Marco Maggi: Tiny Tyrannies

For more than two decades, the Uruguayan artist Marco Maggi — known for his virtuoso drawings and conceptually driven installations — has considered, then elegantly answered, the question of how to take drawing from two into three dimensions. Using his abstracted lexicon, he has drawn in relief on aluminum foil, carved everyday objects like rulers or apples, and inscribed plexiglass to create drawings that are only visible when they cast a shadow. And since he represented Uruguay in their pavilion at the 2015 Venice Biennale, his vocabulary has included the tiniest hand-cut paper shapes that cluster, fold, curl, stack and bend — encrusting “drawings” on paper as well as unexpected surfaces… even the very walls of the gallery.

Maggi’s shapes suggest meaning — alphabets of unknown languages, computer circuitry, Google Earth imaging of vaguely familiar cities — but no matter how much you puzzle over them, the forms are ultimately inexplicable.

Viewers are compelled to move close, slow down, stand on tiptoe, look obliquely, even crawl on the ground in an effort to make sense of these encryptions. And in so doing, they physically act out Maggi’s metaphor for understanding: one must alter one’s perspective — see things from another point-of-view — in order to find deeper meaning in this world.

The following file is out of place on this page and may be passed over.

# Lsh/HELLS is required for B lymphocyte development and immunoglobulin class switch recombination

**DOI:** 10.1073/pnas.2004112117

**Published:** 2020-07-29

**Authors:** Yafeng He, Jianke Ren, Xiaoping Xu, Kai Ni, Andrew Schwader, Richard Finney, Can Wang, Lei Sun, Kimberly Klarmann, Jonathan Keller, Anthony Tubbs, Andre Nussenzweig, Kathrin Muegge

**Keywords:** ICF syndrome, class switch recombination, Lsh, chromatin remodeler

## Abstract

While Maggi’s visual vocabulary evades certitude, the titles of his exhibitions and individual works — referring to technology, geopolitics and cultural history — offer clues to his concerns and are as witty and loaded with meaning as his drawings are confounding. He is a philosopher-poet of non-representational drawing. The title of this, his ninth solo exhibition with Hosfelt Gallery, alludes to the minuscule things — be they viruses or fractions of percentage points in interest rates — that have tremendous impact on our lives.

Born in Montevideo in 1957, Marco Maggi divides his time between New York and Uruguay. His work has been collected by numerous museums, including the San Francisco Museum of Modern Art; Museum of Modern Art, New York; Museum of Contemporary Art, Los Angeles; Whitney Museum of American Art, New York; Art Institute of Chicago; Hirshhorn Museum and Sculpture Garden, Washington DC; Museum of Fine Arts, Boston; Fine Arts Museums of San Francisco; Museo de Arte Contemporaneo, São Paulo; Walker Art Center, Minneapolis; as well as by major private collections including the Cisneros Collection, New York and the Daros Foundation, Zurich. He has been represented by Hosfelt Gallery since 1999.